Considering the fact that Western Digital just made a mammoth acquisition, I'm sure it would have preferred that bad news surrounding some of its products could have come out at any other time. Nonetheless, anyone that purchased a My Passport external hard drive between 2007 and 2013 and has been taking advantage of its built-in security features will want to take note.
According to research conducted by Gunnar Alendal, Christian Kison, and modg, we've learned that all My Passport drives manufactured between those years have a gaping flaw that renders their built-in encryption pretty much useless. It doesn't matter if the drive channels data through USB 2.0, USB 3.0, FireWire or Thunderbolt - they're all vulnerable.
The researchers found that because of how the security is implemented, it could be possible for users with a mere laptop to be able to breach the security. This is because the keys are easily accessible, due to the fact that the USB bridge, rather than the SATA controller itself, is what's handling the encryption. It's noted that late model My Passport drives have moved encryption control to the SATA controller, so they're deemed safe.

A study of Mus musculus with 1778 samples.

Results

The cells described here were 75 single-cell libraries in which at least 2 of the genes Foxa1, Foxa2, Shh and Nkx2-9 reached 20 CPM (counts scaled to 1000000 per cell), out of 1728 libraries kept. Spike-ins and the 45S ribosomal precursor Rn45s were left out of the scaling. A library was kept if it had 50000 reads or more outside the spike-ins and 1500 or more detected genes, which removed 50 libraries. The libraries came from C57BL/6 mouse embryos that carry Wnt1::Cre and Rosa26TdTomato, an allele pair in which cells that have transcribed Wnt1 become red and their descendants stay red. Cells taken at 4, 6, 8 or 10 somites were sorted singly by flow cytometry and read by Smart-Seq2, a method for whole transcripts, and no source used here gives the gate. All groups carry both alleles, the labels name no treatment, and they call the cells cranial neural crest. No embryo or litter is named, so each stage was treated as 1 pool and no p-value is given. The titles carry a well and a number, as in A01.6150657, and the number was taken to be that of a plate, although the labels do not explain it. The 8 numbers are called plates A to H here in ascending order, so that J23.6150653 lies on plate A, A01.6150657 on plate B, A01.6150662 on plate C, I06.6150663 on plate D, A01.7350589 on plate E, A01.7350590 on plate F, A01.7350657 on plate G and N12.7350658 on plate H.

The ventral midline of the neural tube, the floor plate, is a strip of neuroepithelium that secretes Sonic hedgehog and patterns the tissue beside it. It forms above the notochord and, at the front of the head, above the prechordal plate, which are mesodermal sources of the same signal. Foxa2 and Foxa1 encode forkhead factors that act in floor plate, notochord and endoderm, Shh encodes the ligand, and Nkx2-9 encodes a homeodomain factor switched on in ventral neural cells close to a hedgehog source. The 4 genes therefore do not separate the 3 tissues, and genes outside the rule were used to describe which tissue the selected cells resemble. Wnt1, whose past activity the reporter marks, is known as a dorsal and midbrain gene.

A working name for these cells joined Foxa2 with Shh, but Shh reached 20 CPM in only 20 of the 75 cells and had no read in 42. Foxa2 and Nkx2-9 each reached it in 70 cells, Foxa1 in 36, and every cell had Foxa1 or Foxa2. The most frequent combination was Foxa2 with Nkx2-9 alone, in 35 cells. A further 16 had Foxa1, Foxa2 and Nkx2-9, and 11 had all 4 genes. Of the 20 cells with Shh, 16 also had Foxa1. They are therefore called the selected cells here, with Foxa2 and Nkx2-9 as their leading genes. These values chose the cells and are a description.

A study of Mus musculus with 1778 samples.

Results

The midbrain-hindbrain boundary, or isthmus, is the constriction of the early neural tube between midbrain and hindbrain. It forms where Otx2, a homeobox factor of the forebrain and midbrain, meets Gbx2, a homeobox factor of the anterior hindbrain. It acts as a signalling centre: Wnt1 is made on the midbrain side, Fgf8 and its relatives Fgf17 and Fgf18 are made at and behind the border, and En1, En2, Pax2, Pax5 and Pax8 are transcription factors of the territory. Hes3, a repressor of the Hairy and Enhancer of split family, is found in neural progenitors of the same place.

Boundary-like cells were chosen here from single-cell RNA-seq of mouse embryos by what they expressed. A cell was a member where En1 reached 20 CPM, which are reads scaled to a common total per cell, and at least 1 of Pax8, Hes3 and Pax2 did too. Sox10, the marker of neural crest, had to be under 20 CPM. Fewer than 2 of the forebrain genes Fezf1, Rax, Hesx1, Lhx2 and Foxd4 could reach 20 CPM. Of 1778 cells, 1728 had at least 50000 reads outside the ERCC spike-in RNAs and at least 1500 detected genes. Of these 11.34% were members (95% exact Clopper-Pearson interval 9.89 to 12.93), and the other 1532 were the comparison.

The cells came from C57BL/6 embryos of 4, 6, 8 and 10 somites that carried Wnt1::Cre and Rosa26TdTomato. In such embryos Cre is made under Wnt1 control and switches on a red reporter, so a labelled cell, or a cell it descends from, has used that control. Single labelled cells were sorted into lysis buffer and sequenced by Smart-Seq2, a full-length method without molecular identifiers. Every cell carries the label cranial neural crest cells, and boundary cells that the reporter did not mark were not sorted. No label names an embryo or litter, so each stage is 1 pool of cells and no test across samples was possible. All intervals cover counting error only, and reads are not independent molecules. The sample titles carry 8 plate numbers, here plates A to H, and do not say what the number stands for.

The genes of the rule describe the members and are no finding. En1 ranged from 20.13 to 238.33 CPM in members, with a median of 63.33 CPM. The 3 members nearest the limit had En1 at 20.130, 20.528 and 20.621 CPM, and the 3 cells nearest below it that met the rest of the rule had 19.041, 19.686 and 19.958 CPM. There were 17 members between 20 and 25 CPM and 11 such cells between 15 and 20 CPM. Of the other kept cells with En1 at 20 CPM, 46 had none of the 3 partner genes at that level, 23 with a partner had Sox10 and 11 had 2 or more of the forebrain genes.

It's not just that the keys are easily exposed, but they're also weak. While the encryption might be 256-bit, the keys themselves have been found to be 32-bit, generated by a simple algorithm aided by the system clock. The researchers note, "This means they are trillions and trillions of times easier to crack".
Up to this point, it's noted that Western Digital hasn't released firmware updates that could get rid of this issue, and given that some of these models are quite outdated, I'd imagine that an update isn't going to come. If there's an upside, we have the feeling that Western Digital will never use such an insecure method again. That, however, doesn't help those out who thought they were using a truly secure device all this time.